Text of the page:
Online user groups have seized power from vendors and are increasingly calling all the shots.
In recent years the online user community has rapidly gained power representing a turbulent arena for vendors, according to Gartner research director Steve Prentice.
He warned vendors they need to rethink how they exploit users for marketing purposes.
"These communities provide a strange and implicit trust between anonymous users," Prentice added.
While vendors can use these communities as a support centre, Prentice warned they risk savage retaliation and bad publicity if marketing is surreptitiously introduced.
"These communities are very strange entities as users will go out of their way to help someone they have never seen before and this advice is trusted without question - and in most cases, rightly so," Prentice said, adding that users aim to present accurate information in order to build online reputations.
"While we are seeing businesses successfully leverage these user groups as support centres for their products, I know of some scalps that the groups have claimed as a result of sly sales pitches slipped into a forum."
According to Prentice, the groups are an invaluable access point for customers and should be used to refine business strategy and marketing.
It also provides opportunities, he said, for swift-moving vendors.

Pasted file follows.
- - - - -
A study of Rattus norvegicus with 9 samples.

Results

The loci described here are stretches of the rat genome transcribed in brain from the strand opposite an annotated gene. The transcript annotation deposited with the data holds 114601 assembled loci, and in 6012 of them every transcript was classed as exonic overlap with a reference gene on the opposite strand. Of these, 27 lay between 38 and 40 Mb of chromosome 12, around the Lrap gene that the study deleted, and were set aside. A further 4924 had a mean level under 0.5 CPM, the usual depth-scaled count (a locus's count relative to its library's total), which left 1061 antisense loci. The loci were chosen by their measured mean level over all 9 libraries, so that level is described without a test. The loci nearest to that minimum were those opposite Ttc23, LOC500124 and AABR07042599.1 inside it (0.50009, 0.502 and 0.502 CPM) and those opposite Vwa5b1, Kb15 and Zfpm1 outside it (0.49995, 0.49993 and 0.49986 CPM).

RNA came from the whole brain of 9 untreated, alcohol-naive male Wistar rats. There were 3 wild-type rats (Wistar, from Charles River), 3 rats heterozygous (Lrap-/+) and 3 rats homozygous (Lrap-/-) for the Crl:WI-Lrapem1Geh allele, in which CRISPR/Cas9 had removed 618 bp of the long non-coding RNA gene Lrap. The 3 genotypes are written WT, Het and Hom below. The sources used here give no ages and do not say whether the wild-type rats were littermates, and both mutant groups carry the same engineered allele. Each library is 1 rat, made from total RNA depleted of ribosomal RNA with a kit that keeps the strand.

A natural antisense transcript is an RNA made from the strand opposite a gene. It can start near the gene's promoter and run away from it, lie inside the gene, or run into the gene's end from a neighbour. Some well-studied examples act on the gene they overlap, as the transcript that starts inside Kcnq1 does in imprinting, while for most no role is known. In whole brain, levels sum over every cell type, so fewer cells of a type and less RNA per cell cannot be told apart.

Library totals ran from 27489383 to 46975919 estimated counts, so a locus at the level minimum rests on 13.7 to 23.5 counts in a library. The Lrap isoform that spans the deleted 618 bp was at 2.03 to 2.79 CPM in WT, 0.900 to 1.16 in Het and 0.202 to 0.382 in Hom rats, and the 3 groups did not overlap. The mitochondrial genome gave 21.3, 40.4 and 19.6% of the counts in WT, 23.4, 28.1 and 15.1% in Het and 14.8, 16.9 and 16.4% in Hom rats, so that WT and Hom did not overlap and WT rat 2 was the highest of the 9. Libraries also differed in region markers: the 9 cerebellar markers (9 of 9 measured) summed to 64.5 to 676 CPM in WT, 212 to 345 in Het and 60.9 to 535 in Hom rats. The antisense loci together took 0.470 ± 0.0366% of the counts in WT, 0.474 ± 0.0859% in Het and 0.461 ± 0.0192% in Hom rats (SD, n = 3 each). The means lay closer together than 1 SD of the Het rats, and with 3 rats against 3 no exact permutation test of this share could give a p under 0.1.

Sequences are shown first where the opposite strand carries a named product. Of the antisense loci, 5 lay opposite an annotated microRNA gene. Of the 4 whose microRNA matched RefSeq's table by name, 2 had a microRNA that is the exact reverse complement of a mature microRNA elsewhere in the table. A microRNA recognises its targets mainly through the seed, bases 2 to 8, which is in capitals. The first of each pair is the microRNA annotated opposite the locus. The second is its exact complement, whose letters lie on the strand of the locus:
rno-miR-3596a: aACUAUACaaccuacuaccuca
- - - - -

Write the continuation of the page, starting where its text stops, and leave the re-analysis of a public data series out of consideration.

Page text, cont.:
System Administrators Guild of Australia (SAGE-AU) executive member Donna Ashelford said for many users such forums are first port-of-call.
"User groups are the primary support point for most users, but this depends on which group is being accessed," Ashelford said.
"Many businesses host forums and user groups, but others, like SAGE-AU, are member-only so they don't have [public] access.
"The quality and accuracy of information depends on the group and the topic, but you'll find the most accurate discussions are those that users can edit such as wikis."
She agreed that vendors put themselves at risk if they attempt to deploy sales pitches.
"It again depends on the environment of discussion as to how tight the user culture will be and therefore whether users will launch a backlash," Ashelford said.
"Vendors simply need to know there is a time and a place for campaigning."